October 7, 2008
News Release 08-098
Inv. No. 332-488
Contact: Peg O'Laughlin, 202-205-1819
U.S. BEEF EXPORTS CONSTRAINED BY INCONSISTENT ANIMAL HEALTH, FOOD
SAFETY MEASURES, SAYS ITC
U.S. beef processors and beef cattle ranchers lose billions of dollars in export opportunities each year because of animal health and food safety measures in other countries that are inconsistent with international standards and vary by country, reports the U.S. International Trade Commission in its report Global Beef Trade: Effects of Animal Health, Sanitary, Food Safety, and Other Measures on U.S. Beef Exports.
Animal health and food safety regulations in Japan and Korea accounted for most of the export losses over the period, according to the report.
The ITC, an independent, nonpartisan, factfinding federal agency, completed the report at the request of the U.S. Senate Committee on Finance. As requested, the ITC provided an overview of the U.S. and global beef markets and information on animal health and food safety measures facing U.S. and other major beef exporters in major destination markets. The ITC also provided information on other measures restricting U.S. beef exports (primarily tariffs and tariff-rate quotas (TRQs)) and compared the effects of animal health and food safety regulations in importing markets to the effects of these other measures. Highlights of the report follow.
Global Beef Trade: Effects of Animal Health, Sanitary, Food Safety, and Other Measures on U.S. Beef Exports (Investigation No. 332-488, USITC Publication 4033, September 2008) will be available on the ITC's Internet site at /publications/332/pub4033.pdf. A CD-ROM of the report may be requested by e-mailing email@example.com, calling 202-205-2000, or contacting the Office of the Secretary, U.S. International Trade Commission, 500 E Street SW, Washington, DC 20436. Requests may also be faxed to 202-205-2104.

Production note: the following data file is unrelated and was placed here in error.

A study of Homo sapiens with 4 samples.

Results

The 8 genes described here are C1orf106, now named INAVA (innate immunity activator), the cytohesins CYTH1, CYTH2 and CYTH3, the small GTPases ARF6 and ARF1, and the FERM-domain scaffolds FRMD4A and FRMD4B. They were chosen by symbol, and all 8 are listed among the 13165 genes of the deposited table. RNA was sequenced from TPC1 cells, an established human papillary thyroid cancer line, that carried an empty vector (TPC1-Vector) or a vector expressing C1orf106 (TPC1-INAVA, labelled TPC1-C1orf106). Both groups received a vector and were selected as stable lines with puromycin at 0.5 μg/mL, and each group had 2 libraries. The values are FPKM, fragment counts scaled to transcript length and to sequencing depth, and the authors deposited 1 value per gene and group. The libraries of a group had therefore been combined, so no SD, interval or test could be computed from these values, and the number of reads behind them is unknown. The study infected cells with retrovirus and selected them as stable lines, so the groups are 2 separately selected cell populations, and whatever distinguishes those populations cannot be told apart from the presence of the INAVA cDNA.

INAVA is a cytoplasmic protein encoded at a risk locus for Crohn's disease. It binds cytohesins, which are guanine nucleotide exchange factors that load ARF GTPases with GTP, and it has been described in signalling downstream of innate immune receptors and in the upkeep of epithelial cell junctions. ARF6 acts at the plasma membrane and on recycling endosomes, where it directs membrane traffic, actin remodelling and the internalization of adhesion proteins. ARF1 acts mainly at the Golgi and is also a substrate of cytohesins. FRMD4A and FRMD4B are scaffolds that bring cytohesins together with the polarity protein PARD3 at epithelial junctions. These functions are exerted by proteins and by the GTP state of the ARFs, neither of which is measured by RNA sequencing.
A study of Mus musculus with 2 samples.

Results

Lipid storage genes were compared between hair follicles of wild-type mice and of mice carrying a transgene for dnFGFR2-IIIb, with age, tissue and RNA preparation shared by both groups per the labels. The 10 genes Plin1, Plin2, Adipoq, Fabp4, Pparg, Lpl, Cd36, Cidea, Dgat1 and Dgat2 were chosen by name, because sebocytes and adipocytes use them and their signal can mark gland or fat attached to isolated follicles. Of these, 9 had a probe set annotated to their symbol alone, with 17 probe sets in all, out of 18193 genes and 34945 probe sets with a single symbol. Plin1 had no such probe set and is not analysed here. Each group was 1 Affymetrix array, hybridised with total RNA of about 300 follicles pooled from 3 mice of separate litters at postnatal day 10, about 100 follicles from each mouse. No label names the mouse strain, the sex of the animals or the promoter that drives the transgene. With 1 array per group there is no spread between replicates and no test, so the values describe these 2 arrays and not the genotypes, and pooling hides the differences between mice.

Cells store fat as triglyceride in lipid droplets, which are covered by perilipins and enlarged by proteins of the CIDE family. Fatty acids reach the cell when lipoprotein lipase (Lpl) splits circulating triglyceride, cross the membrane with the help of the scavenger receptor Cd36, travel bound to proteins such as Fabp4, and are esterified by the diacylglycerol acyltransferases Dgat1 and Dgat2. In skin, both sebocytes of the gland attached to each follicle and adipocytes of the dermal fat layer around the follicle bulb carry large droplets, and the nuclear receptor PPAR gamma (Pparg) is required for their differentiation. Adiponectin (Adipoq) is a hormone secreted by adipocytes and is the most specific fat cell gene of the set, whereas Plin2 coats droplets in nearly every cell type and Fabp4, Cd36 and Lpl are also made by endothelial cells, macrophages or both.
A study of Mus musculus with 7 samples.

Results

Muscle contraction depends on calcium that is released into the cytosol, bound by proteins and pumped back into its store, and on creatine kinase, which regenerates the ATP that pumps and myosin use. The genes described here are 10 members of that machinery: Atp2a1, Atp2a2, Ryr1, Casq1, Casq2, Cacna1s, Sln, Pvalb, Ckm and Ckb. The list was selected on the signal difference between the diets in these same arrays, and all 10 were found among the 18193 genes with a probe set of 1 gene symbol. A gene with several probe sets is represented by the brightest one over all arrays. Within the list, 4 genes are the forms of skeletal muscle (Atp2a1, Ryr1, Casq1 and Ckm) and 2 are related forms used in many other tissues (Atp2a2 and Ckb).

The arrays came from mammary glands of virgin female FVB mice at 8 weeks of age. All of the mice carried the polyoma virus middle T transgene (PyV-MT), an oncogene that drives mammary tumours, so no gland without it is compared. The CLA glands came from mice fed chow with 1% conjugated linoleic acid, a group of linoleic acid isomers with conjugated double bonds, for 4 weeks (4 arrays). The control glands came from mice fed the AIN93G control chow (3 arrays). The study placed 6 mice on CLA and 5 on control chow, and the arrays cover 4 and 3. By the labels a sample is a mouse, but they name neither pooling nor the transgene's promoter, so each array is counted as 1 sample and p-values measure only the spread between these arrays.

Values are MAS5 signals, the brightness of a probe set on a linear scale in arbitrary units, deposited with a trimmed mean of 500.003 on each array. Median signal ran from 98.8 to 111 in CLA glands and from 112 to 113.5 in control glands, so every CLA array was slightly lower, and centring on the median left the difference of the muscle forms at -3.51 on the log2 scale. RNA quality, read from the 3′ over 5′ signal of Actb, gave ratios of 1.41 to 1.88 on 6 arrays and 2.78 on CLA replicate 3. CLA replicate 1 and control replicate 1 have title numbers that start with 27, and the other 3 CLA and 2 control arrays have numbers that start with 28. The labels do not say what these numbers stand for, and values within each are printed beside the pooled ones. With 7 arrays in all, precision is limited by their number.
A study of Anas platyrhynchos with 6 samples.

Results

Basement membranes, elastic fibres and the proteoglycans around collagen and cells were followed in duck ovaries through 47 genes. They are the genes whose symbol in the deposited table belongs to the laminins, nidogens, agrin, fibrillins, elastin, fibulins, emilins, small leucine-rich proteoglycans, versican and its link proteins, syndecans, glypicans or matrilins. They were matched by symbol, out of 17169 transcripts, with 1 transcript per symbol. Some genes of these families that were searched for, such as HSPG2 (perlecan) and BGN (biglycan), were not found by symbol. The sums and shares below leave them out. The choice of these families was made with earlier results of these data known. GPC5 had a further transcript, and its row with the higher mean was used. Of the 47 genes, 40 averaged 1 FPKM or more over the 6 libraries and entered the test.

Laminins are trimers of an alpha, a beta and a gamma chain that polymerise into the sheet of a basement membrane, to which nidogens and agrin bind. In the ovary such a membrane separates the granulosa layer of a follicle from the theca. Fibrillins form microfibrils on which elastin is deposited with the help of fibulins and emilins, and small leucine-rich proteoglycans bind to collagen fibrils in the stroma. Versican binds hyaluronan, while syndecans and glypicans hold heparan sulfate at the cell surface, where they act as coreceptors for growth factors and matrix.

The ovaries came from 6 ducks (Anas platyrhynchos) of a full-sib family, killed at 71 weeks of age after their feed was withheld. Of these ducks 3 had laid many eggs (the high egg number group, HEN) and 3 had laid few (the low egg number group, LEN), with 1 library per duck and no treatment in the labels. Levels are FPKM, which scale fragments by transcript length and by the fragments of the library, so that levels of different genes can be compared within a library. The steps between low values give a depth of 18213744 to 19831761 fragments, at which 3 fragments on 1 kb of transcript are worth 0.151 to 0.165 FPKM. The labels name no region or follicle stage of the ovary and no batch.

ITC general factfinding investigations, such as this one, cover matters related to tariffs or trade and are generally conducted at the request of the U.S. Trade Representative, the Senate Committee on Finance, or the House Committee on Ways and Means. The resulting reports convey the Commission's objective findings and independent analyses on the subjects investigated. The Commission makes no recommendations on policy or other matters in its general factfinding reports. Upon completion of each investigation, the ITC submits its findings and analyses to the requester. General factfinding investigation reports are subsequently released to the public unless they are classified by the requester for national security reasons.